Philip Pro Lectureship in Legal History with Christine Desan


Thursday, February 25, 2016 -
4:00pm to 6:00pm


Thomas and Mack Moot Court

February 25, 2016

4:00 pm     Lecture

5:00 pm     Reception

Thomas and Mack Moot Courtroom, UNLV Law School


The 18th Century Innovation That Constituted Capitalism:  New Money and its Epochal Aftermath

Christine Desan, Harvard Law School


From Defoe to Marx, Simmel to Sandel, commentators have located money at the heart of capitalism.  Pope Francis recently identified our economic system as one “centered on the god of money” and decried its destructive impact on the natural world.   But money is not a constant force, an entity that travels across time and space with a single organizing logic.  It is, instead, a matter engineered in ways that have changed mightily over time and place.    The 18th century brought a radical redesign in money:  the English in that era innovated a medium that shared the state’s monopoly on money creation with private investors and ordained their judgment indispensable in the public project of allocating that medium.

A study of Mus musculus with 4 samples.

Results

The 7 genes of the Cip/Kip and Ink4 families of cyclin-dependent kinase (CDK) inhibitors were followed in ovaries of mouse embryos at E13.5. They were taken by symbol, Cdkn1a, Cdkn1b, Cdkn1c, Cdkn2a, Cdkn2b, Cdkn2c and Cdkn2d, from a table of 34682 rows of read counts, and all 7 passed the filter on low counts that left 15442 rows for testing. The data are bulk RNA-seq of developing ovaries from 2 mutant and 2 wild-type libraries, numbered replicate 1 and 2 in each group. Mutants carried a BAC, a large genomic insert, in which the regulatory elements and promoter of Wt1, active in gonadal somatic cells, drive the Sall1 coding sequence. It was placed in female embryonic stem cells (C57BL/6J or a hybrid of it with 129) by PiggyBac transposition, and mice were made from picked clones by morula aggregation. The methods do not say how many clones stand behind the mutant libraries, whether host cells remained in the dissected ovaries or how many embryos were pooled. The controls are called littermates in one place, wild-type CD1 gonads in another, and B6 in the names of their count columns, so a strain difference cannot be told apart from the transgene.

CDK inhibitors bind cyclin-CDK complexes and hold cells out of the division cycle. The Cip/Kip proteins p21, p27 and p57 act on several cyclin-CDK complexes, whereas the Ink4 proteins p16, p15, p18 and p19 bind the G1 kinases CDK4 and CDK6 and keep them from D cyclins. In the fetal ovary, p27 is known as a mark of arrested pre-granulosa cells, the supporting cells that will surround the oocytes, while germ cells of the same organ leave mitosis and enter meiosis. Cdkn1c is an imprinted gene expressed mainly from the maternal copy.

The experiment elevated liberal notions of human agency:  the individualized interest of bankers became the compass for the monetary system.  The expanded role and power of business also suggested that "the market" was or should be distinct from "politics," an assumption that cast government's influence on the economy as intervention.  New money in turn anchored a cascade of institutional innovations that built the modern political economy, including sovereign debt sold across borders, central banks, modern commercial banks, money markets, and capital markets.     That architecture had ideological as well as institutional impact, and powerfully configured social and material patterns in the ensuing epoch.  A revolutionary political practice – modern money – thus generated the contemporary order we call “capitalism.”